So at the very least, trying to time your trade entries so that on average they are not poor, is critically important. The trouble is, many traders achieve just the opposite.
Wrong Before You’re Right
The way many people decide to take a trade is in anticipation of something happening. For example, if they think the market is going to go higher after already having moved up, they’ll buy it. If they think it’s going to reverse and look lower, they’ll sell it. Makes sense right?
The issue is that rather than wait for other traders to start to show their hands, people take the trade as soon as they have the idea. So they won’t wait for a pullback in order to buy or they won’t wait for some kind of selling to enter the market before selling themselves.
Because of this, traders who trade in this manner often get stopped out before the market has a chance to move in their direction. Often they’ll either get long very close to the high of the current swing when taking a continuation trade or they’ll get stopped out on a short reversal trade in the same place. They get forced out of the trade in the ebb and flow of the market instead rather than the actual direction itself.
Clearly, markets ebb and flow whether or not they are directional. Each swing is variable in size but depending on the chart timeframe that you’re using, you can figure out what the standard size is and what constitutes a particularly large swing.
Also, it makes sense that generally there are more small legs than large ones. One way to think of this is that as a market moves in one direction, it expends buying or selling energy. To move a market higher, buyers have to buy and as price rises, there are probably going to be fewer participants willing to buy who aren’t already long within the same leg. Of course, there are also times when a move higher is likely to bring in more buying – for example, when a market breaks an important price level.
As it turns out, before you know a swing is over, the statistical chances of the swing being over are not good. A swing which has already moved 10 ticks can end up being a 10 tick swing or a 10+ tick swing and there will be many more occurrences of 10+ tick swings than there are swings of exactly 10 ticks. But then there are also plenty of occurrences where a swing pushes a little further and then has a decent swing in the opposite direction.
If you buy the top of the current leg for a continuation or stand in the way of the market with your sell order when anticipating a reversal, you’re taking a fair amount of risk that in fact, the swing may or may not be over. You can guess, but the truth is that you just don’t know. The point is that you don’t know how much energy the market has in the current leg – by taking a trade early, either buying the market in a current up swing or selling it as it moves up, you are taking 100% information risk in order to try to secure a good entry price.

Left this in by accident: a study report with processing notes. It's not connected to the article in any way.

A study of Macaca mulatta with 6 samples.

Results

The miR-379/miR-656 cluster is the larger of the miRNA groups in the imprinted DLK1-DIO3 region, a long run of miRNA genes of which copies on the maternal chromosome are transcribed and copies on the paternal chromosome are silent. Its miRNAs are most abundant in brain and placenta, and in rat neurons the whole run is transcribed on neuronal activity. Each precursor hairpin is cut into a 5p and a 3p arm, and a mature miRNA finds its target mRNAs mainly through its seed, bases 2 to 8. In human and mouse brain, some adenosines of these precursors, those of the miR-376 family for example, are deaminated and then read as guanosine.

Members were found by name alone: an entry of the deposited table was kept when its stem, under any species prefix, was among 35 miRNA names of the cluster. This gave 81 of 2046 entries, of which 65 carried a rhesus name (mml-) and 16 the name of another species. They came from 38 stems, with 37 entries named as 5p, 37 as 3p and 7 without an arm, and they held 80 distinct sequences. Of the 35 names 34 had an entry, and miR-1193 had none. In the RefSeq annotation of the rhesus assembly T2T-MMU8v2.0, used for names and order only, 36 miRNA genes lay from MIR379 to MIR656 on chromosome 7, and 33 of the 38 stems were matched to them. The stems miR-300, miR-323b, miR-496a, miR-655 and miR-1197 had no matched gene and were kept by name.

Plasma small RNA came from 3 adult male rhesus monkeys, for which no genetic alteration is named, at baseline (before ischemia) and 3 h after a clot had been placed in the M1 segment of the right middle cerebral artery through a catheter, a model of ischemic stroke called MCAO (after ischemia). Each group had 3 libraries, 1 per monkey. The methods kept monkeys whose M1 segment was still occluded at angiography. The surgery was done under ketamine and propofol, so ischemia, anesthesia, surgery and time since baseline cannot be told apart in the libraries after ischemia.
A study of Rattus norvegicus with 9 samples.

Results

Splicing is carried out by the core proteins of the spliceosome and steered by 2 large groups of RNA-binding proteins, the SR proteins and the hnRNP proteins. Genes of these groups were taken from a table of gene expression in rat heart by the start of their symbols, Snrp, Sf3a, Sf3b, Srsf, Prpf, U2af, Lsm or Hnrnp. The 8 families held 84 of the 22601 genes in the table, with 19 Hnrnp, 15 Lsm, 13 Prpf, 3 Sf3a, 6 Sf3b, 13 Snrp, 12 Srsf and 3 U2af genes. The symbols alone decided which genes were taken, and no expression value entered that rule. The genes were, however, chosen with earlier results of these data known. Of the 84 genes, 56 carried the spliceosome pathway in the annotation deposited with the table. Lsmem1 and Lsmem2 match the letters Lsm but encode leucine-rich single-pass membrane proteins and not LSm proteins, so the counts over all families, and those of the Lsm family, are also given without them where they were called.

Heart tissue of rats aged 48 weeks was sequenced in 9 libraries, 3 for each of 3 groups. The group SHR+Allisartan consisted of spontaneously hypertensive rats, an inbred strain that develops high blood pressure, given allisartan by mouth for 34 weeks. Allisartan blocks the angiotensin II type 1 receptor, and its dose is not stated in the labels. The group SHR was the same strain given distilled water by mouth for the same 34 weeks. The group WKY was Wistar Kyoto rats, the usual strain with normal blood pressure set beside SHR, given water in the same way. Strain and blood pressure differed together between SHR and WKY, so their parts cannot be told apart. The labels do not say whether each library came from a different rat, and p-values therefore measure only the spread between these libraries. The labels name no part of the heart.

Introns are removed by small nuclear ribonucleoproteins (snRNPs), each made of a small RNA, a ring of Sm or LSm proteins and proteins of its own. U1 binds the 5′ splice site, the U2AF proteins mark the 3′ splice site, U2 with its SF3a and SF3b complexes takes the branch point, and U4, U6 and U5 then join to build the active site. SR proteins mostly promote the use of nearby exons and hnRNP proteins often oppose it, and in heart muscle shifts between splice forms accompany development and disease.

Good Price Location
The thing is, whether a particular price is good or not can vary throughout a trading session. In theory, certain reference prices may end up being places where the market moves directionally from. It may be that beyond a certain level, a market just carries on in that direction or that once another price level is reached, it reverses and never looks back. But you can’t know whether this is going to happen before it does. A good entry location isn’t the same thing as a good price level until a market shows its hand.
Time Your Trade Entries
The way to time your trade entries better in general is to look for how the market reacts around the area you are looking to enter at. One way to do this is to look to enter on a counter directional swing.
If you are looking to buy as the market is pushing higher, it’s often better to wait for a pullback and look for signs that buyers are starting to enter the market again. That way, you can enter as the swing is more likely to be gaining strength than losing it. If you are looking to short a market that has been moving up, it’s often better to allow it to get to your possible entry location and see if it falters in that area. If it does, let it check higher again to see if buyers are re-entering once again and if not, try to sell as the balance of power shifts to sellers.
Timing in life can make all the difference. It can make the difference between whether you get that great job and who you marry. Timing in trading can also make all the difference. It can mean seeing an opportunity for what it truly is or taking it on blind faith. By giving a trade opportunity a small amount of extra time to develop, it’s far easier to identify whether it really qualifies as a good opportunity or not.
For more updates from Mark and the team at NetPicks, be sure to visit their trading tips blog at NetPicks.com.